For those of us who work for the 99.99 percent of American newspapers that are not The New York Times, The Washington Post or The Wall Street Journal, it’s always a source of delight and pride when reporters from small, unheralded papers win a Pulitzer Prize.

The big dogs always get their share – this year, the Times took home five Pulitzers. But every so often, the Pulitzer jury throws a bone or two to the scrappy little mutts in the flyovers.

It’s not an equal competition, to say the least. Reporters at major national papers have time, money and clout. If the Washington bureau chief for the Times calls the White House, he’ll get through, regardless of whether the current incumbent is pleased with the Times.

By contrast, local politicians often refuse to speak to reporters whom they deem “unfriendly.” And in today’s economic climate, publishers are concentrating on sheer survival – not prizes.

Reporters for small metro dailies have become semi-automated content providers, continually filing and updating brief stories – and video – for print, Web, e-mail blasts and podcasts.

This year, Arizona’s East Valley Tribune (which is owned by Freedom Communications, The Gazette’s parent company) won a Pulitzer. Here’s what Tribune Editor Chris Coppola wrote last week.


“The series examined tactics used in Maricopa County Sheriff Joe Arpaio’s immigration enforcement roundups, and the impact caused by diverting resources to that effort.

“Just last week, Publisher Julie Moreno announced that by the middle of next month, the Tribune will be going from four to three days of print publication. The changes that have taken place since this series ran (we were a seven-day print product last summer) have been part of a transition …. The changes resulted in the loss of numerous jobs – including key members of the team that helped make ‘Reasonable Doubt’ happen – Paul Giblin among them.”

Giblin co-wrote a story that won a Pulitzer – and got laid off. That’s today’s newspaper industry, which has become the sick man of American business.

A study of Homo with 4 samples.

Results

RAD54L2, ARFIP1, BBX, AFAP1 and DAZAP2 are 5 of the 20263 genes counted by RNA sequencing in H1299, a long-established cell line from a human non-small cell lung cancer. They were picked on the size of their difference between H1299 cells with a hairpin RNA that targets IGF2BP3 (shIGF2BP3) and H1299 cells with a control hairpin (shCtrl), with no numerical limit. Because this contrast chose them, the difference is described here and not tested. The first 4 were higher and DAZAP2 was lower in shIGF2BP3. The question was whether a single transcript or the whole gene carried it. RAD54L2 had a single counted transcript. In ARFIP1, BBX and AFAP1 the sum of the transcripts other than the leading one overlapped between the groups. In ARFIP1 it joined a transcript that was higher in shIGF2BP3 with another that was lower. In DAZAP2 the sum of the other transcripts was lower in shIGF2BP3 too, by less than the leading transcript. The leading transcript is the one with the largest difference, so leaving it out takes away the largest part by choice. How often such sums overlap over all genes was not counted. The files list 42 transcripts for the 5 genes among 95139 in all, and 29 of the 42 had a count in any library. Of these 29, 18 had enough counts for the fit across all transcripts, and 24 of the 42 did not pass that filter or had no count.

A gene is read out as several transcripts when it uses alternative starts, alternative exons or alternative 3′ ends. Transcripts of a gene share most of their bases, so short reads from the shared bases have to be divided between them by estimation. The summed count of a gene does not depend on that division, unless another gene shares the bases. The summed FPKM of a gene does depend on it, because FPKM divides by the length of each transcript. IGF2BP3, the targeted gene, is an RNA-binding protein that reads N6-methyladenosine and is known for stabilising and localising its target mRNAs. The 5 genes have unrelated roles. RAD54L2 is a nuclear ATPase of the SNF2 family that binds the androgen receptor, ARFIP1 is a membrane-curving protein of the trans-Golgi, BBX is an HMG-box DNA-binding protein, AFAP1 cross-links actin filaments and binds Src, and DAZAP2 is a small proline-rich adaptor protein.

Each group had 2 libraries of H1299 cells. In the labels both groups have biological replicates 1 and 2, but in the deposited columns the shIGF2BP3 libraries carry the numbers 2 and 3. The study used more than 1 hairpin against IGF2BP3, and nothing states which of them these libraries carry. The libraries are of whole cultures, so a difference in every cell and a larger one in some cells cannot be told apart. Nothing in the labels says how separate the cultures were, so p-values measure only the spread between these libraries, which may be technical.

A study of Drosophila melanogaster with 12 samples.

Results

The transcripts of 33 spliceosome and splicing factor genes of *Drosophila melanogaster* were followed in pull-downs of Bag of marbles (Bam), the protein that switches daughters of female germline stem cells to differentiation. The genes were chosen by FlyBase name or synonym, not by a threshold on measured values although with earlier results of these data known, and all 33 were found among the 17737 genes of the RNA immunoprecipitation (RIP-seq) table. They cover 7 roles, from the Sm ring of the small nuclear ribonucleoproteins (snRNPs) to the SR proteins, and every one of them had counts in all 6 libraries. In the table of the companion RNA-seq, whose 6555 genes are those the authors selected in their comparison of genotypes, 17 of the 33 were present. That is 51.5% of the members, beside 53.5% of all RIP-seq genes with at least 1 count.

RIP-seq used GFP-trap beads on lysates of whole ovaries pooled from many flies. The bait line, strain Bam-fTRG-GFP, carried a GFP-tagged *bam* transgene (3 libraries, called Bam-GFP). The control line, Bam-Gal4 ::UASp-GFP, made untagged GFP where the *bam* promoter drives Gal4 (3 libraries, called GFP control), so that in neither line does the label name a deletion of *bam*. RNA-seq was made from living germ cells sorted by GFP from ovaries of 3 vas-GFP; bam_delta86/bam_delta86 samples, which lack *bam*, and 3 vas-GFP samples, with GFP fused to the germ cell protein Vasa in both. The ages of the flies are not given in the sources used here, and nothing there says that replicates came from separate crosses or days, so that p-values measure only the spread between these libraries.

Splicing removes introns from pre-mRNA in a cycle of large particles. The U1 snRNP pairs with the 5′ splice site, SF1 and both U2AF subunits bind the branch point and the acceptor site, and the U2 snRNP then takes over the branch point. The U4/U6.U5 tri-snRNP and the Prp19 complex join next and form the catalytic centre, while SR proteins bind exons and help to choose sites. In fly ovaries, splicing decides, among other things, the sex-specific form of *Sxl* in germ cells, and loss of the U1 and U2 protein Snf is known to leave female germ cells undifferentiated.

Earlier this week, the Audit Bureau of Circulation reported that for 395 newspapers, daily circulation fell 7 percent to 34,439,713 copies, compared with the same March period during 2008.

Even the New York Times’ daily circulation dropped 3.5 percent to 1,039,031, while the Sunday paper declined 1.7 percent to 1,451,233.

Those are grim statistics – but not nearly as grim as the ad revenue stats, which show year-to-year declines of 20 percent to 30 percent, including 27.3 percent at the Times.

So, are daily newspapers dying?

Any product group with 34 million daily users would seem to be fairly robust.

Perhaps, as Cassius said, “The fault, dear Brutus, is not in our stars, but in ourselves, that we are underlings.”

Even compared to the masters of disaster who blew apart General Motors, AIG or Bear Stearns, newspaper execs have been notably inept.

Consider the Times.

During the last 15 years, CEO Arthur Sulzberger made these decisions, which collectively gutted the company.

Borrowed $1.5 billion to buy back shares in the company, at an average price of $53 per share. The purchases were intended to “enhance shareholder value.” Earlier this week, Times shares had declined to $5.37.

Paid $600 million for a “signature” building to house the paper, at the height of the New York real estate boom.

Bought the Boston Globe for $1.1 billion during 1993. Earlier this month, the company announced that it would close the Globe unless unions agreed to $80 million in wage and benefit cuts.

You’d think that after so many bad decisions the Times would be on the verge of bankruptcy. It isn’t – yet – but almost every other major daily newspaper company is either bankrupt or nearly so. And like most bankrupt businesses, be they beauticians, bagel shops or banks, they have one thing in common: debt, and lots of it.

Thanks to stock buybacks and empire building, the once debt-free Times is into the moneylenders for a couple of billion dollars.

Earlier this year, the company borrowed another $250 million in a private deal with Mexico’s richest man, Carlos Slim Helu, for which he charged the company 14 percent annually, as well as a bunch of convertible warrants.

Bad news – but at least it puts employers and employees on an equal footing.

Let’s see – 14 percent. That’s about the rate that a journalist with typically bad credit would pay for a car loan with 20 percent down. And, as Senor Slim would say if he were running the credit department at Chuck’s Used Cars,

“It’s not that we don’t trust you – but the numbers say that you’re a default risk.”

John Hazlehurst can be reached at or 227-5861.